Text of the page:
The complaint, filed in U.S. District Court in Delaware, charges that the keyboards on the Treo k180, Treo 270 and Treo 300 models infringe on a RIM patent. In its suit, RIM asks for a declaration that Handspring does infringe on RIM's patent, an injunction barring further infringement and unspecified damages.
"RIM is a pioneer in the development of wireless handhelds and has invested substantial research and development and marketing effort to build goodwill in the design and utility of its handhelds and wireless communications services," the company said in a statement late Wednesday.
In the suit, RIM notes that "many experts and those knowledgable in the industry have commented that the keyboard of the Treo series of products is remarkably similar to the keyboard in RIM's BlackBerry Wireless Handheld devices."
Treo features a small keyboard that can be typed on with one's thumbs, as does RIM's BlackBerry.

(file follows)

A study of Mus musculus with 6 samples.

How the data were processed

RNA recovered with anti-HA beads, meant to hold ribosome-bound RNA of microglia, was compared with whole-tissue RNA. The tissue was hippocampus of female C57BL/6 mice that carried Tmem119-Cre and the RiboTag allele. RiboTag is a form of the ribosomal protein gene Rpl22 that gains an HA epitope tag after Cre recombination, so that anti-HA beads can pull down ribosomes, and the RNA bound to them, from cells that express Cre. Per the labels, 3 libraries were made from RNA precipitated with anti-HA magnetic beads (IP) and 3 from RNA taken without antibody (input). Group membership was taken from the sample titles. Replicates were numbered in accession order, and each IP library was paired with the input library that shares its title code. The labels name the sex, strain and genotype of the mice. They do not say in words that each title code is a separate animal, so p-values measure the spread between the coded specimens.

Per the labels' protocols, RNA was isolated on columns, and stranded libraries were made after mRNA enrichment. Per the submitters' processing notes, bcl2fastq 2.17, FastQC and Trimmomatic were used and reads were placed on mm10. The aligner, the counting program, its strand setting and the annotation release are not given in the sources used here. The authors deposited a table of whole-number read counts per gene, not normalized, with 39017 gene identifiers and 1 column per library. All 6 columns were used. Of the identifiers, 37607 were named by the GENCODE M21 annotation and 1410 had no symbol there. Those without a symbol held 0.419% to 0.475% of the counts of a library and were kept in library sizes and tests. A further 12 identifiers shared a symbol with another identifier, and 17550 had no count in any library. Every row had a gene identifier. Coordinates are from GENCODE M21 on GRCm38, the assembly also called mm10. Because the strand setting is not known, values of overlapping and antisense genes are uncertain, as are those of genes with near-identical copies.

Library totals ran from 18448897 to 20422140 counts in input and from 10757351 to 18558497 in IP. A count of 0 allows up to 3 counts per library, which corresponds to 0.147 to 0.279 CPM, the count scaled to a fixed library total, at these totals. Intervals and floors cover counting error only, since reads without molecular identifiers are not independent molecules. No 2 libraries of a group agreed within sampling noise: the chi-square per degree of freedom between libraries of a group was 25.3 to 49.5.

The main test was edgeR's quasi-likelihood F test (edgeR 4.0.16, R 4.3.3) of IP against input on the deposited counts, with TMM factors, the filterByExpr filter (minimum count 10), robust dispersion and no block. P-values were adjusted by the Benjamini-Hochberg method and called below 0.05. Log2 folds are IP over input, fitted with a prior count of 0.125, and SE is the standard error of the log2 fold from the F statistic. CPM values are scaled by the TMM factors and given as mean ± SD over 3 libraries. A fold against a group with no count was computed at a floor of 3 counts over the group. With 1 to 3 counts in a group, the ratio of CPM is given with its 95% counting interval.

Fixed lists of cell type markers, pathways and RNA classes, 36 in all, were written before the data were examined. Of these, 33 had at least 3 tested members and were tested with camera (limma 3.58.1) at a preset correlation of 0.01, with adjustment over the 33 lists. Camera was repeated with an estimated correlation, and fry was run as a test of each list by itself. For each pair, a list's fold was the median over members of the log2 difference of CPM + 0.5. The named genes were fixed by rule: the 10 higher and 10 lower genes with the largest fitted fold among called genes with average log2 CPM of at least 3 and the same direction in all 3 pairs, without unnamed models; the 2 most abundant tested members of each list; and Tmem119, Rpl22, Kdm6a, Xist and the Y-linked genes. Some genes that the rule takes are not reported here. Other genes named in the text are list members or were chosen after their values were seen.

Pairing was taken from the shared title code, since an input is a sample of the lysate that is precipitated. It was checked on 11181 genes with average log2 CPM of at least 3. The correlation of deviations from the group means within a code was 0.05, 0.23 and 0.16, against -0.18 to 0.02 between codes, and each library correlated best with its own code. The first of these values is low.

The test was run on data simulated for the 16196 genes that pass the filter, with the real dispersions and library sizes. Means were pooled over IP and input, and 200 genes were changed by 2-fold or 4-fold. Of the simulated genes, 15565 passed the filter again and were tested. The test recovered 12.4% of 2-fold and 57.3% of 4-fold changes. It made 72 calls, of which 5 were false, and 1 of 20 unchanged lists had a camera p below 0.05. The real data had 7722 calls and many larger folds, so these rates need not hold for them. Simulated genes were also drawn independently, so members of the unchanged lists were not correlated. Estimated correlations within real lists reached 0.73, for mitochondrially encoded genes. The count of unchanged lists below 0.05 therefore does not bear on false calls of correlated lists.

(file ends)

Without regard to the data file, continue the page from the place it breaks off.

A Handspring representative said the company couldn't comment since it hasn't been formally served with the lawsuit.
Separately, RIM said Thursday that it has filed a fourth suit against upstart competitor Good Technology, whose software is designed to run on RIM devices. The latest suit, filed in California Superior Court, charges Good and one of its vice presidents with misappropriation of trade secrets, breach of contract and other actions. RIM is seeking an injunction against Good, as well as unspecified damages.
A representative for Good declined to comment.
In June, RIM filed the first patent infringement lawsuit against Good. In July, it two additional suits--one for copyright infringement and the other for trademark infringement.
RIM had also sued pager company Glenayre Technologies, but the two companies reached a settlement in February.
News.com's Richard Shim contributed to this report.